Jon Huntsman is starting to resurface as political talk grows that the former Utah governor and ambassador to China intends to make a second bid at the Republican presidential nomination.
Huntsman often appeared poised to break left or toward the center during the last election cycle, bashing his fellow Republicans for not believing in evolution or global warming. He has continued that trend in 2013, taking to the pages of The American Conservative to announce his support for same-sex marriage.
This week Huntsman received some national attention as he started making the rounds speaking at colleges and to businesses about domestic politics and international affairs, leaving some to speculate that he intends to run for the Republican nomination again. Pundits even hint that Huntsman is better positioned for the 2016 GOP nomination than he was last time out.
Huntsman, only 53, is also leaving the door open for a future presidential bid. He is telling various media outlets that he is considering another presidential campaign while noting how turned off many Americans are by the current political process.
As graduation draws near, Huntsman is making the rounds as a commencement speaker. Hell be speaking to graduates at the University of Washington in the weeks to come and, on Wednesday, Weber State University announced he will be offering Weber's commencement address.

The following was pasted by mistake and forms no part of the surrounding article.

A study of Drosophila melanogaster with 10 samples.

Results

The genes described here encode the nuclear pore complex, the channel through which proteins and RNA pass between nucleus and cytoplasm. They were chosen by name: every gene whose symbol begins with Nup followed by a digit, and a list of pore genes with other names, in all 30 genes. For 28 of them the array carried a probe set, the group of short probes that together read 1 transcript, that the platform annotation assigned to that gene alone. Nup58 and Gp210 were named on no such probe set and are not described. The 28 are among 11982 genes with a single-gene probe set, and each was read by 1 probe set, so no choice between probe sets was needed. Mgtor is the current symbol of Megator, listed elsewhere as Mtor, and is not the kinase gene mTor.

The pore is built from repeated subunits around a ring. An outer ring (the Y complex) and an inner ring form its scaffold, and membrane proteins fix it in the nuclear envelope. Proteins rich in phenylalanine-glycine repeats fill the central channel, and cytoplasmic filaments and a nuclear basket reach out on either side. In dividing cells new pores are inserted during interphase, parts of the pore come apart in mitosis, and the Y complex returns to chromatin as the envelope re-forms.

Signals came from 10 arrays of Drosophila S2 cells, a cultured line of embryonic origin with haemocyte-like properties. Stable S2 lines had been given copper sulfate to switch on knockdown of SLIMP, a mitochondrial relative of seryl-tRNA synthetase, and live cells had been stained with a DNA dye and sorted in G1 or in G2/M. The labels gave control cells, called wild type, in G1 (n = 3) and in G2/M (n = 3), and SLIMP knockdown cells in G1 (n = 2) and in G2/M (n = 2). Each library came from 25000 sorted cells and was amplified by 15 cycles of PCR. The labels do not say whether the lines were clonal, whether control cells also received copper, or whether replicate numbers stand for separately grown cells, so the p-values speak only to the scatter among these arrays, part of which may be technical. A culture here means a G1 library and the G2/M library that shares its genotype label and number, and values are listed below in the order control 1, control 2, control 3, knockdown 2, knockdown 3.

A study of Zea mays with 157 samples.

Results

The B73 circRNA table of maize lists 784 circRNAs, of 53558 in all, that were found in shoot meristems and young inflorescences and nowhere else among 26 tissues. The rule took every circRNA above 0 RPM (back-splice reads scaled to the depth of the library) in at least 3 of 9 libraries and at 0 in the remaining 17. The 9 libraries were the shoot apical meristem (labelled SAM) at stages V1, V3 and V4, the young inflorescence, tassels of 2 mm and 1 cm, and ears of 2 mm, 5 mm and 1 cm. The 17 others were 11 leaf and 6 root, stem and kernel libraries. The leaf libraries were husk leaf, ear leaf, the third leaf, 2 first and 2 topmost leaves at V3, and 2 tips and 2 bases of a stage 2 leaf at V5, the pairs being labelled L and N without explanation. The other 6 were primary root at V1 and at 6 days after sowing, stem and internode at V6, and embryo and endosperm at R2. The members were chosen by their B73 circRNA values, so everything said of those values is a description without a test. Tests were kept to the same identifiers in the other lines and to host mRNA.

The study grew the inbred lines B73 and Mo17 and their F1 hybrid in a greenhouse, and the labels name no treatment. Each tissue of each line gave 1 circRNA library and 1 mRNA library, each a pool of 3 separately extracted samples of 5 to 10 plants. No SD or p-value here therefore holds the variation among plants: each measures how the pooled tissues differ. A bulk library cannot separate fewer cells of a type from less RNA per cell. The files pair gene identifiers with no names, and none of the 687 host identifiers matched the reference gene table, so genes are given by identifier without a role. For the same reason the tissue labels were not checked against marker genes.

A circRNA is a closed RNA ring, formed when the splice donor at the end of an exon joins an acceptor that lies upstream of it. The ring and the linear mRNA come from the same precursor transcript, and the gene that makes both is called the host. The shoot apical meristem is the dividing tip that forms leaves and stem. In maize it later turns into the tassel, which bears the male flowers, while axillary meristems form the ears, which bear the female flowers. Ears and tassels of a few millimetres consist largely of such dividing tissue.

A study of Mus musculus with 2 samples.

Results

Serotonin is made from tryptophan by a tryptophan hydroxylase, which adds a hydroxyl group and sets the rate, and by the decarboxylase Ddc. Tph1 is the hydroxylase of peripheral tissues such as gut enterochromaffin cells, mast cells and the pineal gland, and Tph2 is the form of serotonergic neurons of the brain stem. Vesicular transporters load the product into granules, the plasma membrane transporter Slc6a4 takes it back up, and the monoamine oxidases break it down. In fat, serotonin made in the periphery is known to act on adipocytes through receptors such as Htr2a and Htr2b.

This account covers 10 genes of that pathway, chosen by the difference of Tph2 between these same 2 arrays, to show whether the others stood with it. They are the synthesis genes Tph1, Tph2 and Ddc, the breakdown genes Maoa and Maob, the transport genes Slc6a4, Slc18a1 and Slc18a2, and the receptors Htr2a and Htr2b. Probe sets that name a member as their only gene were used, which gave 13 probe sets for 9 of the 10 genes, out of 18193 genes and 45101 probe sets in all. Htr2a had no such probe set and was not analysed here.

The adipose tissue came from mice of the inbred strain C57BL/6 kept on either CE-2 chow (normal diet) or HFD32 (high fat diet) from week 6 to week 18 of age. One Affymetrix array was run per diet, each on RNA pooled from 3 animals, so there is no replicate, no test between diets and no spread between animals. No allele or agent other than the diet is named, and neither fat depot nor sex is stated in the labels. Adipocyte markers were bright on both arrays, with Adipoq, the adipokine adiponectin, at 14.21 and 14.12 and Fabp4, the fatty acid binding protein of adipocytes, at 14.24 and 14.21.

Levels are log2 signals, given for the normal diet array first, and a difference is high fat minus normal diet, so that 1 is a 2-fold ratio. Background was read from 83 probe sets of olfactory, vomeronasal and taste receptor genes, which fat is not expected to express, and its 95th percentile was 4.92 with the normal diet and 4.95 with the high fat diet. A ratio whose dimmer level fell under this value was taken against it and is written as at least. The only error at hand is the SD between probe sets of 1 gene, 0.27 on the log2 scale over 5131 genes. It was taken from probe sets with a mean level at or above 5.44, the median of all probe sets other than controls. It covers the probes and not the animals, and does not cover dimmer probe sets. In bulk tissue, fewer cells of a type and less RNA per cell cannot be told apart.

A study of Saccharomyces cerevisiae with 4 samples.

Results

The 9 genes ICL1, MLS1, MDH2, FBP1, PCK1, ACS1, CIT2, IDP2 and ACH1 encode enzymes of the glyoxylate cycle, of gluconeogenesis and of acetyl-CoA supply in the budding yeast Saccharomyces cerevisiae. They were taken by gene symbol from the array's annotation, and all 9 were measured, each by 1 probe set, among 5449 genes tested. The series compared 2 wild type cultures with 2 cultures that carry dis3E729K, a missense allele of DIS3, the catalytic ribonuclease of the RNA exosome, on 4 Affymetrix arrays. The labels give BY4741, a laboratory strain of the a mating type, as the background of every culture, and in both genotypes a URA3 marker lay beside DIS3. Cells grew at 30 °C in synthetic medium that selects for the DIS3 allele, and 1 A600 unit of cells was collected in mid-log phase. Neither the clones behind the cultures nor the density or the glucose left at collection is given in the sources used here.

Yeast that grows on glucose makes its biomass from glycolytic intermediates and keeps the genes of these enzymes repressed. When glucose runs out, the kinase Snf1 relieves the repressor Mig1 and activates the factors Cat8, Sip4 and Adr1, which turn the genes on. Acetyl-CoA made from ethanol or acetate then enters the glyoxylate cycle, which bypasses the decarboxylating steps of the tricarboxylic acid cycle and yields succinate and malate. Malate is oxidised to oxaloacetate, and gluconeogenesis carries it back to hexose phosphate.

Add to the mix an event at the Ronald Reagan Presidential Library last month and speeches at Harvard, Duke, Georgetown, Princeton and other colleges this year, and its clear that Huntsman shows no signs of heading to the sidelines.
If he does run again in 2016, at least this time he has learned the value of a head start. Huntsman entered the last round of Republican presidential primaries in June 2011 fairly late in the game. At first he appeared to focus on Florida, bringing in Susie Wiles who had been Rick Scotts campaign manager and basing his campaign in Orlando. But, as the Presidency 5 straw poll drew near, he picked up stakes in Florida and focused on New Hampshire. A month after Huntsman announced he was entering the race, Wiles was out.
It was all downhill from there. Huntsman basically ignored Iowa, which returned the sentiment, giving him less than 1 percent in the caucus. He placed third in New Hampshire with 17 percent. Polls show only 10 percent of Republicans in New Hampshire backed Huntsman, meaning independent voters helped propel him in the open primary. A few days after his showing in New Hampshire, Huntsman announced he was leaving the race and threw his support behind Mitt Romney.
If he looks again at running for the White House in 2016, Jon Huntsman will be hoping recent patterns hold and the second time is the charm. When it comes to presidential candidates, Republican primary voters almost always choose familiar politicians who ran for the GOPs nomination before. Mitt Romney, John McCain, Bob Dole, George H.W. Bush and Ronald Reagan all fit this pattern. The only exception in recent years has been George W. Bush, who had one of the most bankable last names in the Republican Party.
Tallahassee political writer Jeff Henderson wrote this analysis piece exclusively for Sunshine State News.